Earlier today I wrote that Android Pay has been released by Google and is starting to roll out into the Google Play Store. I’ve downloaded the app and wanted to give you a first look at it. For those of you who have used Google Wallet in the past, you will find a lot of similarities. The new Android Pay app allows you to make purchases at retailers using your NFC enabled Android phone or tablet. If you are not seeing Android Pay in the Play Store yet, give it time. It will be there and when it is, you will also have to update Google Play Services on your device for it to work.
When you first start Android Pay you will go through the normal terms and conditions and you will also be prompted to setup a security PIN. If you have Google Wallet installed then your PIN will be transferred over to this new app along with your loyalty cards, gift cards and credit cards that you had in that app. One side note, this app replaces Google Wallet so when you install it, the
old app will disappear on your device.
With the PIN setup, Android Pay will start and you will see your cards displayed. The primary credit card will be whatever credit card you have assigned to your Google account for when you buy things in the Google Play Store. You can change this however by tapping-and-dragging another credit card to the Default Card slot at the top of the display. To add a credit card you can either manually type in the number or use your device’s camera to line up the card and snap a photo of it. Android Pay will translate that image into the correct information for the card and put it into your Wallet. You will have to accept the terms and conditions for the card holder – Capital One, Bank of America, etc. – and you will need to make sure you have the proper address for the card if it is different than your normal mailing address. For example, my corporate card’s mailing address is my corporate address, not my home address.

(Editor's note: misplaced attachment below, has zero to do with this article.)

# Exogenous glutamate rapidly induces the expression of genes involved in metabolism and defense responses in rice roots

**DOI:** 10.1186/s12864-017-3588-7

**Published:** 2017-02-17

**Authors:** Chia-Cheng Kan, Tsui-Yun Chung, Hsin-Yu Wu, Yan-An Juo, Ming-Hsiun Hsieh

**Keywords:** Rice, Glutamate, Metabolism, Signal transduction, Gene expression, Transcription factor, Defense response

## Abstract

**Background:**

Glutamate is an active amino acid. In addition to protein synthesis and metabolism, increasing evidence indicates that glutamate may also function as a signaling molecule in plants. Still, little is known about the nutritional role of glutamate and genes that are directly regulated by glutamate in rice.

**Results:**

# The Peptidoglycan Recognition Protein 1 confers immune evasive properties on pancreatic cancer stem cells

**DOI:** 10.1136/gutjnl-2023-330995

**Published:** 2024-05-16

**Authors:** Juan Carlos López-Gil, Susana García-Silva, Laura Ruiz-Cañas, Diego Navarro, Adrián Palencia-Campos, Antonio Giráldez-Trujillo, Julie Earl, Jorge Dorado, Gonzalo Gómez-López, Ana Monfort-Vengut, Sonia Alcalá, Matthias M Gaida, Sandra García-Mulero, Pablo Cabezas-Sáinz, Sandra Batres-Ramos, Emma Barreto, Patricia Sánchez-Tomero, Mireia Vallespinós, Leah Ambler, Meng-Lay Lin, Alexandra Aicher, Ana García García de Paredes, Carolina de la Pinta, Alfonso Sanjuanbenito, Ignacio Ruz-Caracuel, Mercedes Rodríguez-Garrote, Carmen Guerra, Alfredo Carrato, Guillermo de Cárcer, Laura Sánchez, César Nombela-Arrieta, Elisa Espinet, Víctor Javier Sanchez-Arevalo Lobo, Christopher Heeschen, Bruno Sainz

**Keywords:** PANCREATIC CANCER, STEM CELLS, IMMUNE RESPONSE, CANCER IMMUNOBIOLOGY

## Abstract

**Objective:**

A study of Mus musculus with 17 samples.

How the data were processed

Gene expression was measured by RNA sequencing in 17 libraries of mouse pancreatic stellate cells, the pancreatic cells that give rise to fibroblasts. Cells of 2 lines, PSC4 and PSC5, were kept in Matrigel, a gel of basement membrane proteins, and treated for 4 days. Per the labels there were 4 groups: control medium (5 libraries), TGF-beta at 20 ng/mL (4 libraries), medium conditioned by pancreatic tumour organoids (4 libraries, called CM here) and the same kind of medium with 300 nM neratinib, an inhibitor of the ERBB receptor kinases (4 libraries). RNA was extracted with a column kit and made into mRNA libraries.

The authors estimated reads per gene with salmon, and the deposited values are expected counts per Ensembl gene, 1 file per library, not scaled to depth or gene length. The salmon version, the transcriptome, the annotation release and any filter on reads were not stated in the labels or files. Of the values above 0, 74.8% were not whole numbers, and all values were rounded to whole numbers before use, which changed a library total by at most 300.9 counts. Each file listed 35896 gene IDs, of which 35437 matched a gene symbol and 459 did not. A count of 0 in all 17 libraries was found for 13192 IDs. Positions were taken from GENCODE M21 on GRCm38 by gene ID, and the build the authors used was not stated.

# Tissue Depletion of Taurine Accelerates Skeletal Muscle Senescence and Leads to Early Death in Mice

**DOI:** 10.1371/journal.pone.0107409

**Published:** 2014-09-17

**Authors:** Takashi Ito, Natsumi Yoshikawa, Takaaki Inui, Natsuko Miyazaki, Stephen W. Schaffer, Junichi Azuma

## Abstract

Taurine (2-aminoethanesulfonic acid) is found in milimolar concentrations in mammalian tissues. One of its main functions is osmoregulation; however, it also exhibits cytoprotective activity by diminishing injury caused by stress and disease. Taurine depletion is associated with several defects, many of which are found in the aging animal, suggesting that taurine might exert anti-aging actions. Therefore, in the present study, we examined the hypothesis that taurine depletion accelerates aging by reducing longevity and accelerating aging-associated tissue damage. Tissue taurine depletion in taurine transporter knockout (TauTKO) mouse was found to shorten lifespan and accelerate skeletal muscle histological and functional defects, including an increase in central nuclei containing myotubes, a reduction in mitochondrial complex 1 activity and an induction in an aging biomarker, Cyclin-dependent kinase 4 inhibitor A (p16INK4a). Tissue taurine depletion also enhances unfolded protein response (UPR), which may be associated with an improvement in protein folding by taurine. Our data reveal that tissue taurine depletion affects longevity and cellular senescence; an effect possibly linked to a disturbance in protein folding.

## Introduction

Functionally to use Android Pay at a store, there is no difference. You simply tap your phone to the NFC enabled terminal and the transaction is recorded. For each card in the app you will have a detailed list of transactions so you can keep track of it quickly and easily.
Overall in working with the app today I’ve found it to be very intuitive and easy to use. Again, if you have used Google Wallet in the past, this is going to feel very familiar to you.
Finally, and this may seem a bit redundant to say, but to use Android Pay your device has to be NFC enabled. Many devices do have this functionality but you will want to double-check prior to installing. Otherwise it frankly won’t do you much good.